On July 27, while the rest of his teammates were hitting ropes against the Reds and producing big-time results, Jason Bay was likewise pummeling the baseball. Except he had nothing to show for it.
Bay had one of baseball’s unluckiest days in that 8-2 Mets win in Cincinnati, going 0-for-5, despite putting three balls in play that our video tracking system classified as “well-hit.”
That’s unusual, though not impossible, as this system (put together by Inside Edge) calculates that about two-thirds of well-hit balls go for base hits.
Bay was the sixth player this season to have such a game -- five balls in play, no hits, at least three balls classified as well-hit.
Hitting coach Dave Hudgens said afterward that Bay would be fine, so long as he put his trust in the process that led to those well-struck balls.
“He’s doing a lot of stuff right,” Hudgens said at the time.
He was right.
The next day, Bay had three more well-hit balls and this time he was rewarded with hits in all three instances, including a key bases-loaded double in the Mets 10-9 series-sweeping win over the Reds.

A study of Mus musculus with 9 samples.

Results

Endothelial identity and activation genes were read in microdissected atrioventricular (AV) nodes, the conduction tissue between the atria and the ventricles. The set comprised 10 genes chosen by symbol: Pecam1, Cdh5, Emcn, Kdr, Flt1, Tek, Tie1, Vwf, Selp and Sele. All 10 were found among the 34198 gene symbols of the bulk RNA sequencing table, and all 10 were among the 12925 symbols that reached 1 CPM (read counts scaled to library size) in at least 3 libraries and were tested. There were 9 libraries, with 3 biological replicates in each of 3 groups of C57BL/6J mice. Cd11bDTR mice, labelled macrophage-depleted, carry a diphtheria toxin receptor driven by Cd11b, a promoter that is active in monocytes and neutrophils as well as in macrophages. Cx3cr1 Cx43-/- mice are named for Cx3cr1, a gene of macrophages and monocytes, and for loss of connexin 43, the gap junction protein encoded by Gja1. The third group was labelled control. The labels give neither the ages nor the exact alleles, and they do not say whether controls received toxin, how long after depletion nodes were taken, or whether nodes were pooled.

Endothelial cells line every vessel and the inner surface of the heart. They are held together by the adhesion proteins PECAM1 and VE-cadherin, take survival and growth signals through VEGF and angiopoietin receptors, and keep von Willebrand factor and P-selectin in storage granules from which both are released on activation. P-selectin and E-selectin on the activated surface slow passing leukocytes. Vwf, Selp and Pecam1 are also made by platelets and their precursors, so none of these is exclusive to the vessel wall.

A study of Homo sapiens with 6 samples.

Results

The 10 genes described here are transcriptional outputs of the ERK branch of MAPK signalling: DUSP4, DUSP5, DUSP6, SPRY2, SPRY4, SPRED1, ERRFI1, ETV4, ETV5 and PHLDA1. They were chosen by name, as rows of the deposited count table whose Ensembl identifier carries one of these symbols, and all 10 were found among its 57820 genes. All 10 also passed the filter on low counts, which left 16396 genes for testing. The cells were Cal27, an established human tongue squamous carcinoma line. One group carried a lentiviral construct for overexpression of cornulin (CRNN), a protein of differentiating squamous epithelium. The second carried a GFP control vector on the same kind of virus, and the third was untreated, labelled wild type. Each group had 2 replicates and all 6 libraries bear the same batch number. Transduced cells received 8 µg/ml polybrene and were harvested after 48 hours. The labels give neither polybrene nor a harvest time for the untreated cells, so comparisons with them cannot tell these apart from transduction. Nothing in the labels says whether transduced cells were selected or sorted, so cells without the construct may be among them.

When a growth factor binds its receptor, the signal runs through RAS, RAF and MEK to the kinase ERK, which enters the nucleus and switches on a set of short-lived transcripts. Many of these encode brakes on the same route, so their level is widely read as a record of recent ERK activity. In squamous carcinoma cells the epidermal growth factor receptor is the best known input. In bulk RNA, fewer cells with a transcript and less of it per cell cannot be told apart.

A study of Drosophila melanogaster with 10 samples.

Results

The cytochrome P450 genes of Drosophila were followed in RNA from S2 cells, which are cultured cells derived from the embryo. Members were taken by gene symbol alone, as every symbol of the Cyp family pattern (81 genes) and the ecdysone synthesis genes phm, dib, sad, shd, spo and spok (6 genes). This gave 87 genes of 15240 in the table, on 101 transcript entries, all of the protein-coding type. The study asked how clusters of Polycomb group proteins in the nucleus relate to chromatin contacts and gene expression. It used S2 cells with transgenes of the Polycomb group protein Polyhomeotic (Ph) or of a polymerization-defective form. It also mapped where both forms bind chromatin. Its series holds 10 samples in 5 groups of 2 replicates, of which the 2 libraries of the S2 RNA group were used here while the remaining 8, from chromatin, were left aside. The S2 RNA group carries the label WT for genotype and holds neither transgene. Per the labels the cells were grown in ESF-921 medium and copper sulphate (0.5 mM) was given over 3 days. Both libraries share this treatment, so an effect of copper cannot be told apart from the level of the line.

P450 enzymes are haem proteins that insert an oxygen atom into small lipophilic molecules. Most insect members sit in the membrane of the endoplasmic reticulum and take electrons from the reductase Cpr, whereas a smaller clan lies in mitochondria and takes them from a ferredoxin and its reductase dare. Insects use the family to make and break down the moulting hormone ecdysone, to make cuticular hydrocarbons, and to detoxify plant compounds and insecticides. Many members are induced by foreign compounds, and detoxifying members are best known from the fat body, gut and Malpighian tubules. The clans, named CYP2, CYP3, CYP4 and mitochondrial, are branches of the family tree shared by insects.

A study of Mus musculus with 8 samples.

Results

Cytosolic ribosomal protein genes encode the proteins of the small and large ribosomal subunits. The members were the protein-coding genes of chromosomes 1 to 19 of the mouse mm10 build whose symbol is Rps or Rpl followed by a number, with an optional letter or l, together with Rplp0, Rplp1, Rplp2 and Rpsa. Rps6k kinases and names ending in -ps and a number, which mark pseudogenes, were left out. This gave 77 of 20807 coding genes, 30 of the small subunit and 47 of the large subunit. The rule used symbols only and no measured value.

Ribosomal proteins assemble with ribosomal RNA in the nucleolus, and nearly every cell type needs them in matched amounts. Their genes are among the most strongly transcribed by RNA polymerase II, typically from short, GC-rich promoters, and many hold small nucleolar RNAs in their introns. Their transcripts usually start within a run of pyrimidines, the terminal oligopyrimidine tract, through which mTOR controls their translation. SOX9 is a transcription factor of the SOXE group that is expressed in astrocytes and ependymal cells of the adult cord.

In fact, since July 28, Bay has had 16 well-hit balls, an average of nearly two per game. They have produced 15 hits. The breaks are now going Bay’s way and that’s needed, considering the Mets lineup will be depleted by the absences of Jose Reyes and Daniel Murphy.
Bay is now 16-for-35 with four walks in his last nine games, hitting .457.
Key to the resurgence has been that Bay has been doing what is expected of a hitter who was expected to be a middle-of-the-order contributor -- drive the ball. Of the 28 balls he’s put into play since July 28, 21 of them have been either fly balls (13) or line drives (eight). Prior to this run, he was hitting the ball on the ground nearly half the time.
In this span Bay has hit pitches thrown down the middle of the plate -- as opposed to inside or outside -- at a much better rate.
Prior to this hot streak, Bay had as many strikeouts (21) as hits (21) on pitches thrown to that area this season. That made him unwatchable to some. But now, when a Bay-watch is brought up, it's thought of in a positive manner.
During the hot streak, his ratio is 8-to-2, as in eight hits and two strikeouts.